Health insurance holders are likely to get more wellness and preventive features, including outpatient (OP) consultations or treatments, pharmaceuticals, health check-ups and diagnostics and discount vouchers in gyms and yoga centres as part of the policy package.
“Insurers may endeavour promoting wellness amongst health insurance policy holders by offering health specific services provided by network providers or other empanelled hospitals and service providers,” the Insurance Regulatory and Development Authority (IRDAI) has said in its draft guidelines.
The services proposed include “outpatient consultations or treatments, pharmaceuticals, health check-ups/diagnostics”, including discounts on these services by redeemable vouchers.
IRDAI has also proposed redeemable vouchers to obtain protein supplements and other consumable health boosters, and membership in yoga centres or gymnasiums for participating in fitness activities. The draft norms also cover discounts on premiums and/ or increase in sums insured at the time of renewals based on the wellness regime followed by holders in the preceding policy period.
“The new proposals open up direct incentives to policy holders. But many of these will require monitoring to prevent unhealthy competition and misuse. Fraud monitoring and prevention steps will also become critical,” said K K Srinivasan, former member, IRDAI. Some insurers now offer health check-ups and diagnostics as part of their coverage.
IRDAI has said that the increase in sum insured should be independent and not linked to cumulative bonus offered, if any.
The regulator has proposed that insurers should assess the pricing impact of wellness and preventive features offered, if any, and disclose them upfront under product filing guidelines or other applicable norms.
According to the draft norms, insurers should not publish trade names or logos of third party merchandise in any of their advertisements, but may refer to the product or service offered in generic terms. However, insurers should disclose specific items of products and services offered on their website and provide a link in their advertisements and policy contracts.
“Insurers shall not accept any liability towards quality of the products or services offered by third parties and shall specify upfront that the said third party is responsible for providing the products or services stipulated under the wellness features of the product and insurer is not liable for any defects or deficiencies,” the draft norms state.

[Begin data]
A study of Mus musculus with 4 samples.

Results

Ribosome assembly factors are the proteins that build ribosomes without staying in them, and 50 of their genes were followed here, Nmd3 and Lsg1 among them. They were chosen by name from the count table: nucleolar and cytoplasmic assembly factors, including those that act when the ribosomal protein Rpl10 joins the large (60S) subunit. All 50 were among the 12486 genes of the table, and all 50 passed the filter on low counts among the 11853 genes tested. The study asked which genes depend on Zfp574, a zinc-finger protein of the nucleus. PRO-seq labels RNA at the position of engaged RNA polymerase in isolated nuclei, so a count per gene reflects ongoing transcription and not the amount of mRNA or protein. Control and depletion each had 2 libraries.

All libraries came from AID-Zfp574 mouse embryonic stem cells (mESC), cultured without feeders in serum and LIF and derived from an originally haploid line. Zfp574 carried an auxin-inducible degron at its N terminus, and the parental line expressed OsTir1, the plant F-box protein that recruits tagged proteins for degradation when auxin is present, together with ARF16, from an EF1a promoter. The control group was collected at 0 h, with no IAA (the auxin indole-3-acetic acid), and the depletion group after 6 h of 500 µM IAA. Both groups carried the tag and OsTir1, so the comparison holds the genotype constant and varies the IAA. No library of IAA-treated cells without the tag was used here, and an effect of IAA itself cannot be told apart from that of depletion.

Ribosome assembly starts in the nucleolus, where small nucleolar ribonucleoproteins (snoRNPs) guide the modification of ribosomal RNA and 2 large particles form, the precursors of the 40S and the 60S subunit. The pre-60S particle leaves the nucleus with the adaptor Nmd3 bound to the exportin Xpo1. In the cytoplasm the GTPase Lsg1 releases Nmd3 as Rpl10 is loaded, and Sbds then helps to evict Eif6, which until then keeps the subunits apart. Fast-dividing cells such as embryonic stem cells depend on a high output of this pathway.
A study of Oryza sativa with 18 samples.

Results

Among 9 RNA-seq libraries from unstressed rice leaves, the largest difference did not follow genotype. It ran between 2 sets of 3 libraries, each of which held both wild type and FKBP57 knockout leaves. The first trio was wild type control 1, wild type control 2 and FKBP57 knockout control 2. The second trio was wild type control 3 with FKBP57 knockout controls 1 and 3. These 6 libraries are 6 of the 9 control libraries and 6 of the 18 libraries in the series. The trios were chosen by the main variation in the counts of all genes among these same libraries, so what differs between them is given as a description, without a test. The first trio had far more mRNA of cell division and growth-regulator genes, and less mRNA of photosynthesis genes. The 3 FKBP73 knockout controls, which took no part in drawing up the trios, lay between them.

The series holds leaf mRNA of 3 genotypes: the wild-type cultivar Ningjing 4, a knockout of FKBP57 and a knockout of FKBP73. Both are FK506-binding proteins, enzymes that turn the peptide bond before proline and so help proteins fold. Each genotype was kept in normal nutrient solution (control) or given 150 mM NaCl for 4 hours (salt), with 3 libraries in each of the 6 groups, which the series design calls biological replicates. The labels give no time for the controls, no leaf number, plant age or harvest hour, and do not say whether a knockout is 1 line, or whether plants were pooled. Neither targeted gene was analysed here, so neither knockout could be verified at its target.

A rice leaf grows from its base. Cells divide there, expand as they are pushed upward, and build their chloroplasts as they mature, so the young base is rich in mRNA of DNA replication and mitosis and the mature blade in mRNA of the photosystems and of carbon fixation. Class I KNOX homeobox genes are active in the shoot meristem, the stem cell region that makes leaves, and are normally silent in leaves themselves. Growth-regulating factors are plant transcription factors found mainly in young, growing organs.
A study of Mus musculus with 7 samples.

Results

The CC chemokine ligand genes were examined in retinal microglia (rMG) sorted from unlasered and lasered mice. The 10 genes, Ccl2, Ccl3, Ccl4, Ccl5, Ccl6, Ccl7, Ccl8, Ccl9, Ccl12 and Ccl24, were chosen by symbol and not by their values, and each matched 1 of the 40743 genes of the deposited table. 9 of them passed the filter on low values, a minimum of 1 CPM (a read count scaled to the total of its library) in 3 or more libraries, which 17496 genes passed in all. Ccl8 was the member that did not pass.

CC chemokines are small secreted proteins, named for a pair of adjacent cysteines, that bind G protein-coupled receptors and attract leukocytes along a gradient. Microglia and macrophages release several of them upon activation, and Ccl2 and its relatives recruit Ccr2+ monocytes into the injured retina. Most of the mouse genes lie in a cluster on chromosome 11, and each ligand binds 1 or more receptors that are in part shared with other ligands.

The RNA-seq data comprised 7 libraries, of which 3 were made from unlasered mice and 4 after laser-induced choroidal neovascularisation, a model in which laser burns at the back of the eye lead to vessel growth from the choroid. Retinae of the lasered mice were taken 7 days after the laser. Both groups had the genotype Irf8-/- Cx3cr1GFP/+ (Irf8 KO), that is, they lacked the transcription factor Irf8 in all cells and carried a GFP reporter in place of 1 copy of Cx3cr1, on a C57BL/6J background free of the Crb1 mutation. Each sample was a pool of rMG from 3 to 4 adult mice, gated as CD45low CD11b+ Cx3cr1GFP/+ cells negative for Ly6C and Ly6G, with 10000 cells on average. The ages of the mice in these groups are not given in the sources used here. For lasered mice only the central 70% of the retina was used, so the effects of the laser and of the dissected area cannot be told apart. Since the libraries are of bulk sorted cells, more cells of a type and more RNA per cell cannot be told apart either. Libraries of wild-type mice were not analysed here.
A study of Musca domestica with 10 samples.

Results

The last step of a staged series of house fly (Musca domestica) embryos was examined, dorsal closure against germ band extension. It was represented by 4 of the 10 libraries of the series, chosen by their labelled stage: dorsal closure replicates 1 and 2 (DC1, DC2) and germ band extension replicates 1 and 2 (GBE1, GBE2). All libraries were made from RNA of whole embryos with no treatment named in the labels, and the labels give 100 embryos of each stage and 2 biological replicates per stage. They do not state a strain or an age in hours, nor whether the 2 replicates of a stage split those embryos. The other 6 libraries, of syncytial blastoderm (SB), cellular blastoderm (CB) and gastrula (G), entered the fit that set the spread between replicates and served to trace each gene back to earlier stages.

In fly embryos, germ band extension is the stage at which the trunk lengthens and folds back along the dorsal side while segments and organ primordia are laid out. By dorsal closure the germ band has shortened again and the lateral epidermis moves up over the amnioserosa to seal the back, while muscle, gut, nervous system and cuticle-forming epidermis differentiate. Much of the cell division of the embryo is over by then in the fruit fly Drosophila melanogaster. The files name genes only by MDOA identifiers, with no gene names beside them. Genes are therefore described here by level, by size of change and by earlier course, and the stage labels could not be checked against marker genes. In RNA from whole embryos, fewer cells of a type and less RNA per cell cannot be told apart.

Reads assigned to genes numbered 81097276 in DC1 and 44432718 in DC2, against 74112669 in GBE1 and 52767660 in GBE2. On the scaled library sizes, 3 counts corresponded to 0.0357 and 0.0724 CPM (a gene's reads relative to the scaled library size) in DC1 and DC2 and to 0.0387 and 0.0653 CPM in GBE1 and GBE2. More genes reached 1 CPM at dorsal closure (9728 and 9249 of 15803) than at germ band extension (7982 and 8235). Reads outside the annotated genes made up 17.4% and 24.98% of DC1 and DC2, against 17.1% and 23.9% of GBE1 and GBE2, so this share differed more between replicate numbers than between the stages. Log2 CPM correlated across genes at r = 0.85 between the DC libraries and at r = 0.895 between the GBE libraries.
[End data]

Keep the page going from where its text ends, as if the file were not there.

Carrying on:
Insurers should also ensure that service providers of wellness and preventive programmes have an appropriate mechanism to discharge their obligations by offering the agreed services or products. “Other than the monetized value of the rewards points redeemed by the policy holders, no payments should be made by insurers to the third party merchants,” the norms state.
Insurers should not receive any consideration amount for offering third party products and services, they state. Third party merchant-wise and product-wise payouts should be disclosed in the annual public disclosures by insurers. “The costs towards the wellness services should be factored into the pricing of the underlying health insurance product and price factored should be disclosed in all insurance advertisements wherever wellness features are disclosed and promoted,” the norms state.
In the case of family floater plans, insurers should clearly define and disclose the manner in which accrual and redemption of wellness benefits is considered for all members covered, IRDAI has said.
Insurers should also clearly specify in the policy contract whether the accrued benefits can be carried forward or not when the policy is renewed — and the period of validity of accrued benefits. “The benefit accrued should be at periodic intervals at rates/ amounts declared upfront at the commencement of the policy and should not be linked to any dynamic factor such as interest rate, etc. The same should be specified in the policy document,” the norms state.
Insurers should notify the benefits accrued to a policy holder under the wellness feature at periodic intervals — at least once in a year, the norms state.
During FY 2017-18, insurance companies collected Rs 37,029 crore as health insurance premium, registering a growth of 21.8 per cent over FY 2016-17. Five states — Maharashtra, Tamil Nadu, Karnataka, Delhi UT and Gujarat — contributed 68 per cent of total health insurance premium, IRDAI says.
According to IRDAI’s Annual Report 2017-18, the insurance sector covered 48 crore people under the health segment, out of which 36 crore were covered under various government schemes. The industry processed 1.6 crore health insurance claims during that year.